An Open Letter to the Cooperative Baptist Fellowship
Cooperative Baptist Fellowship,
We have read of your recent anniversary and would like to give you our sincere congratulations. Undoubtedly, there were many in the early 1990s that said such a thing as the Cooperative Baptist Fellowship would never last. Who would have thought that a small group of dissenters from the largest Protestant denomination in North America would have managed to survive for twenty years? We resonate with your story. Even though we were not alive to see the events that led to your establishment, they alienate us from Southern Baptist life (and life in other denominations!), as well. We were stunned when we began to learn of the events that defined Baptist life in the latter half of the twentieth century. It is in many respects a tragedy. We have seen brochures and catalogs from our seminaries before the fundamentalists’ rise to power. We were poised to do great things, but something happened. But while we understand your exilic narrative, there are things that simply get in the way of people like us flying the CBF banner.
We are the children of the events that spawned the CBF, not a participant in its origins. Our new generation of young Baptists may know the story of what happened with the SBC (although many do not), but we did not live it. We do not have the same wounds and scars that you have. We stand eager to get something started. We want to define and drive a movement, not simply comment from the margins at conservative swings in evangelical life. We love dissent, but we also love organized, systematic efforts toward creating new things. We want something different, something new. Invitations to golf matches and pictures of white males on the green in Tampa are not exactly projecting that message to us. We want revolution, a new kind of Christianity that takes justice seriously again. Sometimes when we sit in CBF circles, all we hear are war stories of a conflict we lost before we were even born, so to speak (or maybe not). It is for these reasons that we were excited to read the news coming out of this year’s gathering.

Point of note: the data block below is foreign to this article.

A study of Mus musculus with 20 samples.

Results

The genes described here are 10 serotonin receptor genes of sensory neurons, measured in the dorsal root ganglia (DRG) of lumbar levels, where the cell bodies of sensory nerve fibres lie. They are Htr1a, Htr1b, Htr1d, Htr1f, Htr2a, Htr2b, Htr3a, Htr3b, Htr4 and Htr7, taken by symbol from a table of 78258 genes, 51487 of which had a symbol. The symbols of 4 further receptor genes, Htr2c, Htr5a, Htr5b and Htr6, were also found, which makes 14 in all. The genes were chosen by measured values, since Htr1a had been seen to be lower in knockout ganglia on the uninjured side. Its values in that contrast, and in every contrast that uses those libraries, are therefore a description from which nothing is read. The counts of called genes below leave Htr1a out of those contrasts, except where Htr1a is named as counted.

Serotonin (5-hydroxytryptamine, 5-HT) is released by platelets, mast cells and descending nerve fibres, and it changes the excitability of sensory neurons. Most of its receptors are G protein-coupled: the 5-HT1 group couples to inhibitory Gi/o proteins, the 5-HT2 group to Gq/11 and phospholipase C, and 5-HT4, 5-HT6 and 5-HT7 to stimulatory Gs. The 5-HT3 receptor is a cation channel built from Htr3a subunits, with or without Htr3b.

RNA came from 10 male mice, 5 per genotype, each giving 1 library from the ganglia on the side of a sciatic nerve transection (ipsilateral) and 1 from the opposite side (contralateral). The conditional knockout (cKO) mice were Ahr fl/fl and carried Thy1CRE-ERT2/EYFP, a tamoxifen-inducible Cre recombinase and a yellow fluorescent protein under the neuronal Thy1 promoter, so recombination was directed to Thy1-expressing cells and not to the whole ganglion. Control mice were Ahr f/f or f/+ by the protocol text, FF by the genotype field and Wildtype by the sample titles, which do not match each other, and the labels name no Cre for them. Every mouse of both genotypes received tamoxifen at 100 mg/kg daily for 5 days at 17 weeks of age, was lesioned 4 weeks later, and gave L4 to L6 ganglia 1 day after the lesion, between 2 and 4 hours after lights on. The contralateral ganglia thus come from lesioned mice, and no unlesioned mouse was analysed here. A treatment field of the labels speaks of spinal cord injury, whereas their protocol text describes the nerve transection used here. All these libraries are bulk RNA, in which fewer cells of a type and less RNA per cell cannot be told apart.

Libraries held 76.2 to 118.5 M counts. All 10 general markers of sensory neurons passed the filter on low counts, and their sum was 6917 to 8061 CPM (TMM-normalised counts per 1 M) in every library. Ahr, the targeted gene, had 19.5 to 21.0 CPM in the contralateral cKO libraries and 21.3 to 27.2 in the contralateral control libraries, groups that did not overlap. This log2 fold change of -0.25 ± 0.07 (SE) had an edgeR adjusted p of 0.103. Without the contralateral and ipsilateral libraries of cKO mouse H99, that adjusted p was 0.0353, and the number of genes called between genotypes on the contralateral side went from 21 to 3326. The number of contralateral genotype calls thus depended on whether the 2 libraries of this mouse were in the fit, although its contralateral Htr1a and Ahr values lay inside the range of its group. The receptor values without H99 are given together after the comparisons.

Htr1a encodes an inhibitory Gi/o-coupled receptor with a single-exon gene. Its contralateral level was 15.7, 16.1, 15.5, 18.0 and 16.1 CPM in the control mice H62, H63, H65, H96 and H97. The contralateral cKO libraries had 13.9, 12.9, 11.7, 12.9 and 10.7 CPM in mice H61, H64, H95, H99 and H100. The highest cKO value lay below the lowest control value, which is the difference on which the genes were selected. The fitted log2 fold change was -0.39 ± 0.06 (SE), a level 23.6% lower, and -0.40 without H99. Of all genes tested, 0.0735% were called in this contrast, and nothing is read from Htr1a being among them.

When we saw that you were talking about your identity separate from your origins, we were elated. Alan Sherouse wrote in the Huffington Post that the CBF longs to move from being “reactive” to being “proactive.” He could not be more right. You cannot remain in the shadow of the Southern Baptist Convention forever. You cannot be defined merely as the anti-SBC. You cannot continue to be known only for being against a juggernaut of fundamentalist theology. You need to be known for something, as something. Something new, something different.
When we read of Kyle Reese’s words in the Associated Baptist Press and almost cheered. “Ministry to the least of these has been at the heart of this Fellowship,” he said. He spoke of the activity of the local congregation and the necessity to pursue these ends. “We will be at our best when we are willing to risk,” he continued. Yes! That is exactly what we want you to be!
The words of Colleen Burroughs resonate with us, as well. We want to be part of “Baptists who love, love, love Jesus, and love, love, love people. All people.” We are tired of a Church polity of exclusion. We are tired of a Church bound by politics. We are tired of a Church not known by its love. We want a Church that listens to Jesus before the latest theological fad. We want a Church that follows Jesus before the latest economic whim. We want a Church that knows that “the next chapter in our book [is] less about a fight and more about something that children will run to read because it is a beautiful story of love.”
We want a Church that loves, loves, loves people.
If you give that to us, we will come and come in droves. There are countless numbers of us out there, silently working in the margins. We feel homeless in so many branches of the Church because we just want to love others and are told that is simply not what we do anymore. We want to embrace our history and intellect without fear of inquisition. We want to promote a politics of justice and mercy, not the so-called pragmatic doctrines of injustice and retribution. We are tired of being told that our understanding of the Kingdom is impractical and naive. We are ready for a wider imagination, a greater vision for the future. We are dispersed across the country, waiting. Are we waiting for you?
The Next Generation of Baptists
Posted on 28 June 2011, in Church, Current Events and tagged Baptist, Southern Baptist Convention, SBC, Cooperative Baptist Fellowship, Annual Meeting, Associated Baptist Press, CBF, 20th Anniversary, Tampa, Alan P. Sherouse, Kyle Reese, Colleen Burroughs. Bookmark the permalink. 16 Comments.